Organisations can unlock meaningfulness when they use mutuality as a management philosophy inside their organisations and beyond to their external stakeholders. Mutuality describes how we are to live with one another. Mutual organisation creates the conditions under which we are prepared to join our effort to those of others in order to secure together what one cannot secure alone. As a framework for organising, mutuality fosters relationships consistent with desirable civic and human values. As a strategic principle, mutuality stimulates the social practices need for work design, collaborative knowledge building and innovation. Mutuality can be translated into ownership (cooperatives, mutuals and employee ownership) – it can also be a general approach for all kinds of organisational forms, including shareholder, family, social enterprises, B-corporations and civic associations.
Corporations are concerned about the future sustainability of supply chains which fail to produce sufficient value for fair distribution between stakeholders, or which create value by means which risk environmental or social harms. it is too common for producers and suppliers to suffer insufficient and unreliable income streams, a lack of decent work and diminished opportunities for human capability development. In early phase CSR initiatives, corporations have relied upon the remedy of voluntary codes, certification schemes, participatory initiatives and private governance arrangements. Despite these efforts, many supply chains continue to languish in low fairness equilibria: trapping producers and suppliers in potentially exploitative relationships, where power imbalances expose the weaker party to vulnerabilities.
Escaping the low fairness trap will require innovations in supply chain practices which link values to value creation. Here, values of fairness, care and flourishing in supply chains have an important role to play, and are explored in my project on ‘values to shared value creation in sustainable supply chain management’. The project is funded by Oxford’s John Fell Fund, involving Dr Lauren McCarthy, Royal Holloway University of London and Dr Milena Mueller Santos, University of Oxford. Our participating organisations include Primark and their partners, CottonConnect and SEWA (self-employed women’s association).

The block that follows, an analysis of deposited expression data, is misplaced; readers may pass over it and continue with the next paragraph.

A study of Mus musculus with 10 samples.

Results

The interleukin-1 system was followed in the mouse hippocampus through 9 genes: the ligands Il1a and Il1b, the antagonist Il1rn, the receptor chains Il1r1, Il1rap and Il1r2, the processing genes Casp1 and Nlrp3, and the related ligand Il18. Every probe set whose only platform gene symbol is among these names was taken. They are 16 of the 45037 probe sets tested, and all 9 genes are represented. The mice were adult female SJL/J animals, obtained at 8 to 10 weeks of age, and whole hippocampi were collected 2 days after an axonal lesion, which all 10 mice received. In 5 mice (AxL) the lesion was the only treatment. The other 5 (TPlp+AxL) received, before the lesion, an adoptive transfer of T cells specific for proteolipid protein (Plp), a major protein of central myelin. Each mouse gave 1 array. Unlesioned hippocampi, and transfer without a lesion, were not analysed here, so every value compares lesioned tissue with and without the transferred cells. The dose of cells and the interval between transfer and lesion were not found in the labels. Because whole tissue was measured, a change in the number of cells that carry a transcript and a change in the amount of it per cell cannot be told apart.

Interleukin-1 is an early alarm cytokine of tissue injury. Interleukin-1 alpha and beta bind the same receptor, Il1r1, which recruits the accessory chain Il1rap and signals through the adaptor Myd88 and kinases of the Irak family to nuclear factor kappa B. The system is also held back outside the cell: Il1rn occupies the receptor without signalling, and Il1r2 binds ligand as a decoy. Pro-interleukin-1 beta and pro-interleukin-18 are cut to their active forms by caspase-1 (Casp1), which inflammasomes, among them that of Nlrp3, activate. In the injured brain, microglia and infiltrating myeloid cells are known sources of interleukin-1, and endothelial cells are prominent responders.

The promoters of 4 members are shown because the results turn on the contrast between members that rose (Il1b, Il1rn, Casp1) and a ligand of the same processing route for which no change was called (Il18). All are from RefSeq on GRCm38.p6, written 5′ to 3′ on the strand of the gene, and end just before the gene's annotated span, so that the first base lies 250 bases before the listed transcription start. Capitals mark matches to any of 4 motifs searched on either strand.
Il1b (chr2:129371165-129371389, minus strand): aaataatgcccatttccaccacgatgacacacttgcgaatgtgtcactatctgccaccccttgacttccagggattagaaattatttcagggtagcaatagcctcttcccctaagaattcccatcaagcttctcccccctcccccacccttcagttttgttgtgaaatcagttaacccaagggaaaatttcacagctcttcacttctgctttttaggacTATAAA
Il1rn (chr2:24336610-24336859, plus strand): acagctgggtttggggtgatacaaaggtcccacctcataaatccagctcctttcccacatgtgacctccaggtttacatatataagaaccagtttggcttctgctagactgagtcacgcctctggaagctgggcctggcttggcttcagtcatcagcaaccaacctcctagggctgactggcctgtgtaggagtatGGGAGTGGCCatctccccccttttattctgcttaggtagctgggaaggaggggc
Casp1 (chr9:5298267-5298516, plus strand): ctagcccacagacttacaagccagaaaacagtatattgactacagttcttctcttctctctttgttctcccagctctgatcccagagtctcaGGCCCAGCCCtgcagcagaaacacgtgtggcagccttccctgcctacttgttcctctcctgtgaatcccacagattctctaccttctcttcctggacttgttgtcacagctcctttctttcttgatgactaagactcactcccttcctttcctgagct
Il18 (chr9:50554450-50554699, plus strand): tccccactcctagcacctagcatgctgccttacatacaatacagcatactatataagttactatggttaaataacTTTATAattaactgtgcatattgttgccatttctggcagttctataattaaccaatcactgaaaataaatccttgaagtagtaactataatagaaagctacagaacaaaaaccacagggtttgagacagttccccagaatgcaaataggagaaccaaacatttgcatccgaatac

Yeoman, R. & Mueller Santos, M., Fairness and Organizational Performance: Insights for Supply Chain Management” (November 11, 2016). Saïd Business School WP 2016-33.
Yeoman, R (2016). Care, Emotions and Deliberation in the Corporate Management of Ethical Supply Chains. Business, Policy & Sustainability Conference, Copenhagen Business School. 16-17 June, 2016.
For Rochdale Boroughwide Housing (RBH), we used the mutual organisation model to develop a mutual leadership programme which helped co-owners establish the culture and behaviours needed for mutual ownership. RBH is a dual constituency mutual – jointly owned by employees and tenants. A case study of the organisation can be found in the Oxford Handbook of Mutual, Co-operative and Co-owned Business.
Yeoman, R. (2017). From Traditional to Innovative Multi-Stakeholder Mutuals: The Case of Rochdale Boroughwide Housing. In: Blasi, Borzaga&Michie (eds.) the Oxford Handbook of Cooperative and Mutual Business. Oxford: Oxford University Press.